Craig vows to get back on-line

William Craig’s cravings may soon change the nature of the Internet.

In his quest to broadcast TV content over the Internet, his company,, has created a new technology that some fear may Balkanize a once open and borderless means of communications.

Craig, the founder and chief executive of iCraveTV in Toronto, has always been fascinated by television. As a child, Craig would place cardboard boxes on top of orange cartons, and those would serve as TV cameras for his imagination. As a teenager, he worked as an interviewer, researcher and writer on the seminal public affairs show This Hour has Seven Days.

“I suppose I was fascinated by the ability to communicate with people in a mass medium,” Craig said.

The problem is a U.S. court ruling recently forced iCraveTV off the air because its webcasts were seeping into the U.S. where they were illegal, and now the company is only permitted to broadcast in Canada. That means it must shut out non-Canadian Web viewers.

To comply with this directive, the Internet TV broadcast company is in the process of patenting a new technology called iWall.

iCraveTV is keeping tight-lipped on how the technology works, pending the patent.

“Basically, I can tell you what it’s not. It’s not a firewall. That is, we’re not proposing to put some sort of iron curtain around Canada. And it doesn’t inhibit anybody else from dealing with the Internet internationally,” Craig said.

The technology, Craig insists, doesn’t control messages coming into a server; it controls those going out from a server.

This will allow iCraveTV to control the countries to which it chooses to send its services.

And it’s a technology that many businesses will embrace, Craig said.

iWall will let companies carry out business over the Internet that is perfectly legitimate and legal in one country, but may be illegal in another without having to worry about breaking any laws, Craig claimed.

free and open

For some, this has created concern that the Internet’s almost sacred tenet of openness will be diluted. People are worried about the potential implications that a technology like this may have if, for example, it were to fall in the hands of an oppressive government.

“I’ve been reading all the criticisms in the press, and I have a comfortable smile on my face because we saw those issues going into it and we think we’ve addressed them,” Craig said.

“It’s very important that the Internet still be viewed as a World Wide Web, and nothing we’re doing is proposing to moderate that. What we’re saying is, this is a server-based system that is fairly transparent to the user. That is, they don’t have to put any technology or anything extraordinary on their computer. But we’re able to independently determine their geographic location.”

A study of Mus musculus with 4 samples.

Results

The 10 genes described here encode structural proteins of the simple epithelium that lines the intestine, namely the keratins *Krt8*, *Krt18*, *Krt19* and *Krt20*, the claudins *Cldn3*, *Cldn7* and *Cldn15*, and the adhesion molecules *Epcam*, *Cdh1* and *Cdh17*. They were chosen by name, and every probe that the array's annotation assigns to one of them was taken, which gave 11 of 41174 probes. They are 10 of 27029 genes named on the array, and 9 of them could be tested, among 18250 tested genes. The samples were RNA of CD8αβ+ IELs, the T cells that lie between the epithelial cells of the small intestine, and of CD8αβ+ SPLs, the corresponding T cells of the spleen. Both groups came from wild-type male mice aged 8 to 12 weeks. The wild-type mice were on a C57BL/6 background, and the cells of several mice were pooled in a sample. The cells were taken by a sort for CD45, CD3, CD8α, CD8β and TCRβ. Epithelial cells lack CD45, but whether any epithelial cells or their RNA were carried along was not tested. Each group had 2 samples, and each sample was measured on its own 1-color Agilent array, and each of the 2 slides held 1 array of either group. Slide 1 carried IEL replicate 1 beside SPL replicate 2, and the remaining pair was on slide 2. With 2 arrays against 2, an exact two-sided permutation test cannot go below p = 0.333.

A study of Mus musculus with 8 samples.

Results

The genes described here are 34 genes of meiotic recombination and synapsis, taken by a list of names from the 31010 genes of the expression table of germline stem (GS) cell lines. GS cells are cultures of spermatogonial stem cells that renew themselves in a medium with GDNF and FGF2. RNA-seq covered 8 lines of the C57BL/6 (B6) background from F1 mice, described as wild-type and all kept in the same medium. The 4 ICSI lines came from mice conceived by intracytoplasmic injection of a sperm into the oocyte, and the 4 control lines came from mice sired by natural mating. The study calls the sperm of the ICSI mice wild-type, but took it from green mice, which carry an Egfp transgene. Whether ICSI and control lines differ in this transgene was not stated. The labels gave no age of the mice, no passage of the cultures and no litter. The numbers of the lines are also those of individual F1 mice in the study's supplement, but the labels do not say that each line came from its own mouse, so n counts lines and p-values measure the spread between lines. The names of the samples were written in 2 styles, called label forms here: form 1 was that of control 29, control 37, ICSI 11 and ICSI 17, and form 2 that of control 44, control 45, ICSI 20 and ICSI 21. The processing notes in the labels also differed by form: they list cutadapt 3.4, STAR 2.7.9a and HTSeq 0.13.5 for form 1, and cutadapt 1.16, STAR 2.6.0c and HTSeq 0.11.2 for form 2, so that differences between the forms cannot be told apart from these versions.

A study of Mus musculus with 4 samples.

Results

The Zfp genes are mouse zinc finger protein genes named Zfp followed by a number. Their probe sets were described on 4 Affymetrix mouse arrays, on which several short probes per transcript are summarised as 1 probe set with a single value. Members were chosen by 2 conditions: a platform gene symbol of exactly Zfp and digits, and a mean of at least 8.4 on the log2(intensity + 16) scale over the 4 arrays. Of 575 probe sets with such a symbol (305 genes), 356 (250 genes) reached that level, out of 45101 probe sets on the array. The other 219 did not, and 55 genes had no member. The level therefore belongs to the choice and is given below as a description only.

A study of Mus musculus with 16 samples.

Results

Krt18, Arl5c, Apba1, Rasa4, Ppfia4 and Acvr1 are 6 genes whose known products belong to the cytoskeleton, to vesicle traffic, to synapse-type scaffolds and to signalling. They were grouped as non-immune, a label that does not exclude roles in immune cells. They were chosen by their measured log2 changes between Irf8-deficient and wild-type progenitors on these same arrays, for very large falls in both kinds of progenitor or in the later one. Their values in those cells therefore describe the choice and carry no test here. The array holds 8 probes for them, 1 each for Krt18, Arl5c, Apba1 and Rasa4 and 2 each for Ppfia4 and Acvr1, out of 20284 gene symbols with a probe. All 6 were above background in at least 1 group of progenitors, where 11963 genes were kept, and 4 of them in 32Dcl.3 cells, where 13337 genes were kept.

Far from shutting the doors on communication over the ‘net, this will add to the capabilities of the Internet, he said.

“If there are 180 countries out there, and one of those 180 countries doesn’t allow something on the Internet, then the way the current structure is, everybody is not allowed to have it. I don’t know if we want the government of Chad dictating what can go on the Internet because somebody is worrying that it will float onto that territory.”

Craig said he understands and shares concerns about the Internet remaining free and open. He believes the CRTC, where he once worked in the early ’70s on policy regulations, made the right decision when it decided not to regulate the Internet.

entrepenerial evolution

In 1979, the Etobicoke, Ont.-born Craig went down to the U.S. to get cable TV franchises for Rogers. This was followed by a series of jobs in different U.S. cities helping companies set up various sports channels.

Eventually, he found the jobs he was taking were bringing him closer and closer to his hometown.

Although some claim that iCraveTV is actually an American company that Craig located in Toronto in an attempt to circumvent U.S. laws, Craig said it was his two sons that drew him back to Canada.

It was also through talking to his older son that he first got the idea for iCraveTV. While he was watching his son use his computer, Craig was struck by the fact that there was no television on the screen.

“Why? It’s a perfectly good TV location and so I started to look into it and came up with the concept of,” he said.

That was back in May and now iCraveTV has agreed to temporarily go off the air to appease U.S. companies. Craig said he was not prepared for the reaction iCraveTV would engender both in the U.S. and Canada, where program rights-holders were concerned about the rebroadcasts on the Internet.

“I knew we were going into new territory, but no, I wasn’t expecting the vehemence of the feelings from the rights holders. I thought they would view this as a way to get more of their product out and make more money. And instead, the issue resides around control I guess, which is odd. You have control vs. development, which is an odd equation,” Craig said.

He hopes to be back on the air by June 30 with the help of iWall.